William KIM is a foreign attorney and member of the Labor & Employment Group.
Prior to joining Lee & Ko, Mr. Kim served as a corporate in-house counsel for Hyundai Heavy Industries (HHI). At HHI, Mr. Kim assisted in protecting the company’s legal interests throughout all phases of its multi-billion dollar construction projects in the Middle East, advising on local content laws, EPC terms and conditions, joint-venture negotiations, and international commercial disputes.
In the U.S., Mr. Kim worked as an associate at Bryan Cave, LLP as part of its Tax and Employee Benefits & Executive Compensation Groups. His experience covers issues involving international/cross-border employee stock options, ERISA litigation, and Section 409A compliance.
During his law school education, Mr. Kim was a judicial clerk for the Honorable Edward W. Sweeney of the 22nd Judicial Circuit Court of Missouri (St. Louis), and a Rule-13 assistant at the St. Louis Circuit Attorney’s Office. Mr. Kim has also served as an executive board editor for the Washington University Global Studies Law Review.
Mr. Kim is admitted to the New York State Bar.
• Assisted in litigations, hearings, investigations, and settlements before the Korean Labor Relations Commission.
• Represented a Fortune 500 manufacturer of motion and control technologies in a cross-border internal investigation of potential FCPA and internal policies violations, and conducted employee interviews, advised on disciplinary actions, and served as liaison between the Korean and US offices.
• Assisted (e.g., depositions, documentation reviews, memorandums) in the defense of a global insurance provider against criminal charges including misappropriation of personal information, public official bribery, and destruction of evidence.
• Conducted internal investigations for a worldwide insurance corporation and a global software devices/services company regarding claims of sexual harassment filed internally against its executives or to the National Human Rights Commission.
• Assisted a British multinational insurance provider in the termination of its Asia-Pacific Regional HR Manager, conducting employee interviews in both Korean and English and drafting subsequent documents required for separation.
• Advised a US international healthcare company and a global logistics company during collective bargaining negotiations (e.g., time frame, negotiation bargaining chips, and anticipated demands and responses thereto) with their respective local unions.
• Performed due diligence analyses for multiple international asset purchase deals and business transfers and advised the client representatives on both the legally required and practical steps for successful transfer of employees and benefits.
• Drafted employment rules, employment contracts, benefits summaries, separation agreements, and other employment-related materials to be used as global templates for multinational corporations in the transportation, clothing, and airline industries.
Publications / Speaking
• Publication: “Breaking Down the Just-Cause Barrier: A Systematic Approach of Securing Greater Flexibility in Managing Poor Performing Employees,” Legal 500 (August 2016)
• Speaker: Korea Business Leaders Alliance Seminar (October13, 2016), “Hiring & Dismissing Key Personnel”
Significant changes to the Gender Equality Employment and Work-Life Balance Support Act, including changes to employees' rights to paternity leave and reduced working hours for child and family care, recently came into effect. Employers are strongly advised to review their existing practices and policies to ensure compliance with the act's latest amendments. Workplace disruptions are expected due to the increased benefits.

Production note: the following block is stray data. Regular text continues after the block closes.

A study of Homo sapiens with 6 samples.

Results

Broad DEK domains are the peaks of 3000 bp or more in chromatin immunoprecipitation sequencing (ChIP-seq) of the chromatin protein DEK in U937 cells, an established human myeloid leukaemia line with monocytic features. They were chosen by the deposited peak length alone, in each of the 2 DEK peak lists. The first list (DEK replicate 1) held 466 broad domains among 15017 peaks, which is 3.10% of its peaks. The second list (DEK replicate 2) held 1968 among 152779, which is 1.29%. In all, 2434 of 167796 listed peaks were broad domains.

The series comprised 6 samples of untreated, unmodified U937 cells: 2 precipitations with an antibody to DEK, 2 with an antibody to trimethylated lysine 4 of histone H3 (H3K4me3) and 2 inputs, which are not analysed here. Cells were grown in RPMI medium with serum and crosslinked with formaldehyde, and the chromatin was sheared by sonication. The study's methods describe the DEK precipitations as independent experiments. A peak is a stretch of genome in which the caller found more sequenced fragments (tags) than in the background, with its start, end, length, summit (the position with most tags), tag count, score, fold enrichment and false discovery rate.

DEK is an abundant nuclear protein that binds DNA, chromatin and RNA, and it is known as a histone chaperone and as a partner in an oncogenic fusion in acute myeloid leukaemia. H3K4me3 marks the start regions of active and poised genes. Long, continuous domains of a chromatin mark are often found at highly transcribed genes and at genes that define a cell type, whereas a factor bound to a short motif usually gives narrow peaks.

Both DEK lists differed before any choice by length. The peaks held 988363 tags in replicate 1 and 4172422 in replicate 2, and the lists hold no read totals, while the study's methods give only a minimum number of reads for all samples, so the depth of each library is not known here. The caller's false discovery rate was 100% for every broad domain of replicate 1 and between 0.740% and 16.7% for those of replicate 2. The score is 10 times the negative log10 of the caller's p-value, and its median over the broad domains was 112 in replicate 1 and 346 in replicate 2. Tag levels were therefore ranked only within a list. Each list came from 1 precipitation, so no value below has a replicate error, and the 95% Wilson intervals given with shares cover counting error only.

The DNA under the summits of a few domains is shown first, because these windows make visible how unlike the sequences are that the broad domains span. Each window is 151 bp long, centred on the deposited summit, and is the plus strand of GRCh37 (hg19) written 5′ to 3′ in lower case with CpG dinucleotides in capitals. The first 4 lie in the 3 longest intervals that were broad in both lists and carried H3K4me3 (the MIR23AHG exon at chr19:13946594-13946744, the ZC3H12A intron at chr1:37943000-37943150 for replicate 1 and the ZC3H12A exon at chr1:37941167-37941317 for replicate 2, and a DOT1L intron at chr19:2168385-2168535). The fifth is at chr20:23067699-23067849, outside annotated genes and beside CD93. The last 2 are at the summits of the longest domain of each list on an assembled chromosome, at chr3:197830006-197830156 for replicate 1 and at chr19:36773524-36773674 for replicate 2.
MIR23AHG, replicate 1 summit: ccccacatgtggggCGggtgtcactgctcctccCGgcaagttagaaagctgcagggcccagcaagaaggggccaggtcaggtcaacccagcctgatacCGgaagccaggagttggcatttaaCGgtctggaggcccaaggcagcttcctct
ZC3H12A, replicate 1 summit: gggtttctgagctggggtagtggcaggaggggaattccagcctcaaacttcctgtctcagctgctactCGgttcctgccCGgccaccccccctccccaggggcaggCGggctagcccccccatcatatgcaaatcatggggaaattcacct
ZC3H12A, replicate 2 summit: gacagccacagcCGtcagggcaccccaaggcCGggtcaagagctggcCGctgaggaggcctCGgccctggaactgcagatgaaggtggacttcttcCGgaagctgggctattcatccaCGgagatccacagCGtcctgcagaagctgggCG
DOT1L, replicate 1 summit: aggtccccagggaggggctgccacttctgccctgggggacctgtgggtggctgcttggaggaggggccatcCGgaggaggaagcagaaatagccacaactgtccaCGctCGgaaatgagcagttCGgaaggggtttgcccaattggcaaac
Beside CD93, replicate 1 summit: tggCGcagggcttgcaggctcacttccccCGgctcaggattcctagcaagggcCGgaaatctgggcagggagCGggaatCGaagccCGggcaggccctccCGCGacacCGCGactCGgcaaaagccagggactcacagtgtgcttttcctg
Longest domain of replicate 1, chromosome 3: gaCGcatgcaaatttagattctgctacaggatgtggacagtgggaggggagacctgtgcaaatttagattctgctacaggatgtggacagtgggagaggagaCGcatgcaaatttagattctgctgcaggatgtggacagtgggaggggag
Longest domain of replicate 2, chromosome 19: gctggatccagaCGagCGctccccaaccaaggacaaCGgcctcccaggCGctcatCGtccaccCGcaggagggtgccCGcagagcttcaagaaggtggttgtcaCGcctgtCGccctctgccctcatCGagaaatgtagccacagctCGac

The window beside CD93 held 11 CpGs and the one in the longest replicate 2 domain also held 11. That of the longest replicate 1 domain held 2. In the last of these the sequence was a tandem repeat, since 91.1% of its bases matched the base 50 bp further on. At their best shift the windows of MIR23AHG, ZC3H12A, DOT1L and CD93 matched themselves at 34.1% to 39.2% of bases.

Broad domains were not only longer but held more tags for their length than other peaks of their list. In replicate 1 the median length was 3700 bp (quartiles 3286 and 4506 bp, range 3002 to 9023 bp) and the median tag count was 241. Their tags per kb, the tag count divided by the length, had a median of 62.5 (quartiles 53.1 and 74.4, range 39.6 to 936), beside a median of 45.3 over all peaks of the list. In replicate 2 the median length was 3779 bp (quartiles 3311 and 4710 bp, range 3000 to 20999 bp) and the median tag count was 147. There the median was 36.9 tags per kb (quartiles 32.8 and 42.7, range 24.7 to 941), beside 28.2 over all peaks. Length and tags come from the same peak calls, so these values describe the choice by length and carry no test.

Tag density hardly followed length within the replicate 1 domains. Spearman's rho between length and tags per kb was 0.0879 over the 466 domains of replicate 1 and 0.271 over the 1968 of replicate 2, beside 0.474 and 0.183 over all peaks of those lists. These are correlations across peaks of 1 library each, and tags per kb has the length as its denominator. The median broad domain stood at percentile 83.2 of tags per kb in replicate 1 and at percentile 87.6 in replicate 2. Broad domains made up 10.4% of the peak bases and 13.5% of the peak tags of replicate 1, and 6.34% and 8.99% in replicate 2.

In 2018 there were major reforms to South Korean employment laws, including the Labour Standards Act. This resulted in many employers struggling to adjust employees' weekly working hours to comply with, for example, the new 52-hour limit. The legislative reforms and amendments proposed in 2018 will take effect in 2019. For example, a duty to prevent workplace harassment will be introduced, as will a uniform standard for termination notice exemptions.
South Korea recently overhauled its employment laws. Some of the most significant changes that may have an impact on business operations concern annual paid leave entitlements and fertility treatment leave, eligibility for childcare leave, protection for workplace sexual harassment victims, mandatory disability awareness training and the scope of the anti-discrimination statutes.
The Seoul High Court recently ruled that an employee's repeated personal use of his or her corporate card, in and of itself, may not always constitute sufficient just cause for termination. The court's ruling is an adverse precedent that may have an impact on many businesses as they consider whether to terminate an employee for personal use of corporate cards. However, this case is now pending before the Supreme Court.
In recognition of the hardship faced by emotional labour workers, there have been increasingly audible calls to improve their working environment, which has led to a view that employers must take proactive steps to protect the health and wellbeing of such employees. Although legislative changes have been insubstantial, the National Assembly of Korea recently passed legislative amendments to the Occupational Safety and Health Act which seek to protect emotional labour workers.
The National Assembly recently passed a legislative amendment designed to reform the Labour Standards Act. The new legislation is projected to have a significant impact on all industries and levels. According to a study by the Korea Economic Research Institute, the additional annual labour costs that companies will incur is likely to exceed W12 trillion ($11 billion) in total.